Alesso Baldovinetti: The Naturalist Painter of Earliest Landscapes
Replicating the natural detail and carefully positioning the subjects with a sense of air and distance, as well as experimenting with colours in frescos and oil, the Italian early Renaissance painter, Alesso or Alessio Baldovinetti, is acclaimed as a notable Florentine painter, whose work exemplified the careful modelling of form and the accurate depiction of light characteristic of the most progressive style of Florentine painting during the last half of the 15th century.
Reputed as the beat worker in mosaic of his day, Baldovinetti was born on October 14, 1427, in Florence, Italy. The oldest child of a rich merchant family, he chose to become an artist. In 1448, he began his studies at the Compagnia di San Luca (painters' guild) before working independently. He attributed much of his early influence to a pioneer of visual perspective art, Paolo Uccello. His earliest work includes paintings for the doors off the Chapel of the Annunciation in Santissima Annunziata (c.1449) and an altarpiece (1450) for the Pieve di Borgo San Lorenzo in Mugello.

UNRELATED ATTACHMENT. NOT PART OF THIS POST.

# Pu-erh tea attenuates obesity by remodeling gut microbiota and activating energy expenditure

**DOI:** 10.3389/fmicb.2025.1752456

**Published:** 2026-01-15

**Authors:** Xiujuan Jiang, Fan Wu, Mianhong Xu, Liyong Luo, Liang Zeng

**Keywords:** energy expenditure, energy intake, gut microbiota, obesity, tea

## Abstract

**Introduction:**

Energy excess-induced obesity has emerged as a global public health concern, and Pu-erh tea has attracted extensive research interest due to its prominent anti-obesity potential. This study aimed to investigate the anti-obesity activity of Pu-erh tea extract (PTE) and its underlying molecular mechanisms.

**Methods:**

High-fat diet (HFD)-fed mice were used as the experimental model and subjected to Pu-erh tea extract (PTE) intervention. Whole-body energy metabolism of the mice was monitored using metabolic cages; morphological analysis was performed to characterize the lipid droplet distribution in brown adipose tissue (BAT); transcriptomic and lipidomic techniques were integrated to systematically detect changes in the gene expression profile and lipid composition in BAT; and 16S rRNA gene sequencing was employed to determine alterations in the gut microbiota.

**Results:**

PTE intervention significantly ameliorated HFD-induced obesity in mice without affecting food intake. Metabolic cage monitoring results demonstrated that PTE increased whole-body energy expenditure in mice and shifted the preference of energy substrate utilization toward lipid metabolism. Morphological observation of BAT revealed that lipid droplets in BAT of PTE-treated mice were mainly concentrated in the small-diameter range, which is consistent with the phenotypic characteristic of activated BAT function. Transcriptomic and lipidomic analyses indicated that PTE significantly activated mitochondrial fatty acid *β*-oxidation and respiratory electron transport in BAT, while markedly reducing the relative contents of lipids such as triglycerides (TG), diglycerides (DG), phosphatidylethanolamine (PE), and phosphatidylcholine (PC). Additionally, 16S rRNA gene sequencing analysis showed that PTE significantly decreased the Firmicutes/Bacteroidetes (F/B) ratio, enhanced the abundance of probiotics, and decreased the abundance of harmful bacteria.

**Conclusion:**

It is presumed that from 1441 to 1451, though no official record exists, Baldovinetti assisted with decorations in the church of S. Egidio in Rome, with the artists Domenico Veneziano and Andrea del Castagno. Veneziano's influence is reflected in the clear, pervasive light of his earliest surviving wortks: “The Baptism of Christ”, “Marriage at Cana”, and “The Transfiguration”.
Baldovinetti achieved his fully mature style in his masterpiece, “The Nativity” (1460-62), a fresco in the Church of Santissima Annunziata, Florence. Although Baldovinetti's technical experiments led to the fresco's rapid decay, it shows the pale colors, atmospheric light, and integration of detail with large-scale design that characterize most of his later work, such as “Madonna and Child” (c.1465). Both “The Nativity” and “Madonna” include views of the Arno River valley and are among Europe’s earliest paintings of actual landscapes.
Baldovinetti also did two strips of mosaic decoration over Lorenzo Ghiberti’s doors on the Baptistery in Florence (1453-55) and a “St. John the Baptist” over the south doorway of Pisa Cathedral (1462). He also prepared designs for intarsias, or wood inlays and for stained glass, such as the window of the Gianfigliazzi Chapel in Florence (1466).
Baldovinetti worked on several pieces for the Santa Trinita Church (Holy Trinity) from 1471 and completing them in 1497. He painted an altarpiece of the Virgin Mary and child with the saints Gualberto and Benedetto, which is now in the academy of Florence. There is also a series of frescos based on the “Old Testament” and portraits of some of Florence’s prominent citizens, greatly valued at the time.
On August 29, 1499, Baldovinetti died in the hospital San Paolo, and was buried in San Lorenzo.